Are Internet Explorer and Firefox ready to do battle with Chrome?
Google announced Monday that it has been hard at work on an open-source browser known as Chrome, a beta version of which will be released in 100 countries on Tuesday.
"Why are we launching Google Chrome? Because we believe we can add value for users and, at the same time, help drive innovation on the web," Sundar Pichai, vice president of product management, and Linus Upson, Google engineering director, wrote in a blog post.
Google was apparently looking to keep news of Chrome under wraps until after the holiday weekend. A 38-page, online comic book that provided details about Chrome hit the blogosphere Monday morning, but Pichai and Upson said in their blog post that Google had "hit 'send' a bit early" on the web comic.
The comic depicts various Google engineers describing Chrome's features, including the isolated tab idea.
"By keeping each tab in an isolated 'sandbox', we were able to prevent one tab from crashing another and provide improved protection from rogue sites," Pichai and Upson wrote.
Having a number of tabs open in a single browser eats up memory. If a browser is running slow, a user's natural inclination is to close a few tabs? In some cases, however, little bits of the closed tabs remain, which eats up space and requires the operating system to grow the browser's address space, according to Google. With Chrome, there will be a different tab for each process, including plug-ins.
"When a tab is closed in Google Chrome, you're ending the whole process," according to the comic. "You can look under the hood with Google Chrome's task mananger to see what sites are using the most memory, downloading the most bytes and abusing your CPU" so you can place "blame where blame belongs."
Google also promised "improved speed and responsiveness across the board."
Like OpenSocial and Android, Chrome will be an open source initiative.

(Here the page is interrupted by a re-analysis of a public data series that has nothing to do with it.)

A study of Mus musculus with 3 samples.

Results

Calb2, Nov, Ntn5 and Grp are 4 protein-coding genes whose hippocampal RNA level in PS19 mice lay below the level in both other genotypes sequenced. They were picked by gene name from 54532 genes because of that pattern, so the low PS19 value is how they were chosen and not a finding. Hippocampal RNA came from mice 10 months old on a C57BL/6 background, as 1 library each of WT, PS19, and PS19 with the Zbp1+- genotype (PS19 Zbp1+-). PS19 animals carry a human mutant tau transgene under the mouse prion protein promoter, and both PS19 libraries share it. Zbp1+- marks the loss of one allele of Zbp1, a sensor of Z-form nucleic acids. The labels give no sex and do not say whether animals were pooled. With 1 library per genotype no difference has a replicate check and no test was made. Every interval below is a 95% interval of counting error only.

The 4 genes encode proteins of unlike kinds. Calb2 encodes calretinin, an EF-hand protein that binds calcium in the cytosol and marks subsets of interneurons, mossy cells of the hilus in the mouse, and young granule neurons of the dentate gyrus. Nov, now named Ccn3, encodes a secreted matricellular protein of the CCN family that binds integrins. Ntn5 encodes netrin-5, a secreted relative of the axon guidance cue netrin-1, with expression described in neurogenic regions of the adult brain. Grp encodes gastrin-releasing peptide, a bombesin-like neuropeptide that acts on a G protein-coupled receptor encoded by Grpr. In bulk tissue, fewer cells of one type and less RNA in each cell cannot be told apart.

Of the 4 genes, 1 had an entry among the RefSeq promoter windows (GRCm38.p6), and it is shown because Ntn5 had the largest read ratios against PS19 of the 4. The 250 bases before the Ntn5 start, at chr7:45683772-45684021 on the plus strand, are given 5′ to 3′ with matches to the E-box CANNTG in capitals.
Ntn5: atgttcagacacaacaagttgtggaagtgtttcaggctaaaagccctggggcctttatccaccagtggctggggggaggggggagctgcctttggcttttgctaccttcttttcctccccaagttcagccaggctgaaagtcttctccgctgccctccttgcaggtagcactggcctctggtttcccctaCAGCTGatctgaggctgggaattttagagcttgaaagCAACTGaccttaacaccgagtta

"We owe a great debt to many open source projects, and we're committed to continuing on their path," they wrote. "We've used components from Apple's WebKit and Mozilla's Firefox, among others -- and in that spirit, we are making all of our code open source as well. We hope to collaborate with the entire community to help drive the web forward."
The team selected Webkit because it uses memory efficiently, was easily adapated to embedded devices, and it was easy for new browser developers to learn to make the code base work, according to the web comic. "Webkit keeps it simple."
Google recently extended its financial deal with Mozilla until 2011, according to a blog post from Mitchell Baker, chair of the Mozilla Foundation.
Tuesday's beta release will be available for Windows users. "We're hard at work building versions for Mac and Linux too, and will continue to make it even faster and more robust," Pichai and Upson wrote.
"This is just the beginning -- Google Chrome is far from done," they wrote. "Google Chrome is another option, and we hope it contributes to making the web even better."
Last week, Microsoft released Internet Explorer 8 beta 2, which includes improved security and new browsing aids.